Per the report, polyester sports bras and athletic shirts made by Pink, Athleta, The North Face, and other manufacturers contain up to 22 times the safe amount of bisphenol A (BPA), as based on California’s Proposition 65 right-to-know law. Prop 65, also known as California’s Safe Drinking Water and Toxic Enforcement Act of 1986, informs consumers of too-high levels of chemicals in products that may cause cancer or harm to the female reproductive system. BPA has the potential to hit both of those nasty notes.
While this news may seem pretty alarming, don’t throw out your entire sports bra collection just yet. We talked with several experts to understand just how risky wearing this type of athletic wear really is—and how to reduce your exposure to BPA in your daily life.
What exactly is BPA?
BPA is a hormone-disrupting chemical that imitates the effects of estrogen on the body. The health risks of BPA may include male and female infertility, early puberty, breast cancer, and prostate cancer. It may also exacerbate other conditions that affect the female reproductive system.
“BPA’s widespread effects are thought to be tied to its ability to bind to the estrogen receptor. Given estrogen's central role in many processes tied to reproduction and fertility, it’s no surprise that BPA has been implicated in infertility and hormonally-driven conditions like endometriosis and PCOS,” says Priyanka Ghosh, MD, a reproductive endocrinologist at Columbia University Fertility Center. And, the impact on the fetus during pregnancy is thought to be even more long-lasting, she says.
BPA may also have an effect on the skin—perhaps even causing or increasing the severity of acne in adults, according to a recent study published in The Journal of Cosmetic Dermatology. “I have always recommended limiting BPA exposure to my patients. Now that we know high levels are in sports bras, I’ll recommend [to people with acne] only wearing them when it’s absolutely necessary,” says Anna Chacon, MD, a board-certified dermatologist based in Miami. Of course, there are many factors that play into what causes acne, so limiting how much time you hang out in your sweaty sports bra is just one small thing you can try.
Despite all these potential concerns, there’s a catch: Ingesting food and drinks that contain BPA is the primary way it enters the system, says Tracey J. Woodruff, PhD, MPH, professor and program director of the Reproductive Health and the Environment & Environmental Research and Translation for Health (EaRTH) Center at the University of California in San Francisco.
That means ditching your sports bra may not make much of a difference—and it’s really not something you should spend a lot of time worrying about. “Is your sports bra giving you cancer? No scientist could possibly tell you that,” says Dr. Woodruff.
Can BPA in sports bras really be absorbed by the skin?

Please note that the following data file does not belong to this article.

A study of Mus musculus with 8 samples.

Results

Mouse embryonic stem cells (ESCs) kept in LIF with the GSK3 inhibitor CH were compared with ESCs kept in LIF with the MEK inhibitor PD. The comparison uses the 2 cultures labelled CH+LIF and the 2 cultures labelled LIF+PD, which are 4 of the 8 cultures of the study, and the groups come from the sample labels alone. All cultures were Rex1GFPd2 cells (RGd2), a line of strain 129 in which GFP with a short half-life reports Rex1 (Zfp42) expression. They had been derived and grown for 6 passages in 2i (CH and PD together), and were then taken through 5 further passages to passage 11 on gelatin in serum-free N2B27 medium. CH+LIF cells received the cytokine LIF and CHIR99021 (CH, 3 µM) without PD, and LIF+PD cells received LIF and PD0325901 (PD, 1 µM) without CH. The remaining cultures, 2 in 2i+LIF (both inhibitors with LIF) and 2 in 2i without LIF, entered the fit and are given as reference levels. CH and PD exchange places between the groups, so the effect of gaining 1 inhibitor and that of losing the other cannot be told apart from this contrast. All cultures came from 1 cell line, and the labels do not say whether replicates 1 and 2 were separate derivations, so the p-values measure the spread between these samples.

So, even if BPA is in your sports bra, how much is actually oozing out? And how much of that is making its way through your skin into your bloodstream? Experts say it’s not entirely clear. “There’s a lot of debate in the scientific community about estimating dermal absorption of BPA,” says Dr. Woodruff. “When it comes to skin absorption, how much BPA do sports bras emit? It’s plausible that clothing worn close to the body while sweating, or in heat, may increase BPA absorption,” she says.
While Dr. Ghosh agrees that this news is potentially concerning, she says we still don’t know whether wearing clothes with BPA really bumps up the level in your body to a significant or harmful degree.
Who might want to consider limiting their exposure to BPA in sports bras?
Again, your sports bra is not the primary way BPA gets into your system, but certain people might want to be extra cautious about how much BPA exposure they’re getting in general. “Now that we know there are some clothing items with BPA, the most conservative thing to do would be to minimize exposure to these products, especially in someone who may be pregnant or trying to conceive,” says Dr. Ghosh. Add to that list anyone going through body changes that affect the breasts, says Dr. Woodruff, such as puberty and breastfeeding—since BPA has the potential to affect the mammary glands.
Really, exposure during pregnancy and puberty are the most troubling timeframes, says Dr. Woodruff. “Healthy adults have less risk of health damage from BPA.”
3 tips to limit your exposure to BPA
If you are concerned about how much BPA exposure you’re getting, there are some simple changes you can make in your life that don’t involve purchasing an entirely new, spandex-free wardrobe. The Mayo Clinic recommends:
- Eliminating as much plastic from your life as possible. One way to do this is by storing leftover food in glass containers.
- Avoiding heating food in plastic containers, as BPA can leech into your food that way.
- When you can, eat fresh fruits and vegetables rather than canned ones.
Perhaps the best thing you can do? Get loud. Let your legislators know that BPA is not acceptable—in sports bras or anyplace else. “Maybe sports bras aren’t the biggest contributors to the problem, but why are we faced with having to identify and quantify their risk level after the fact?” asks Dr. Woodruff. “The bottom line is there should just not be any BPA in any products.”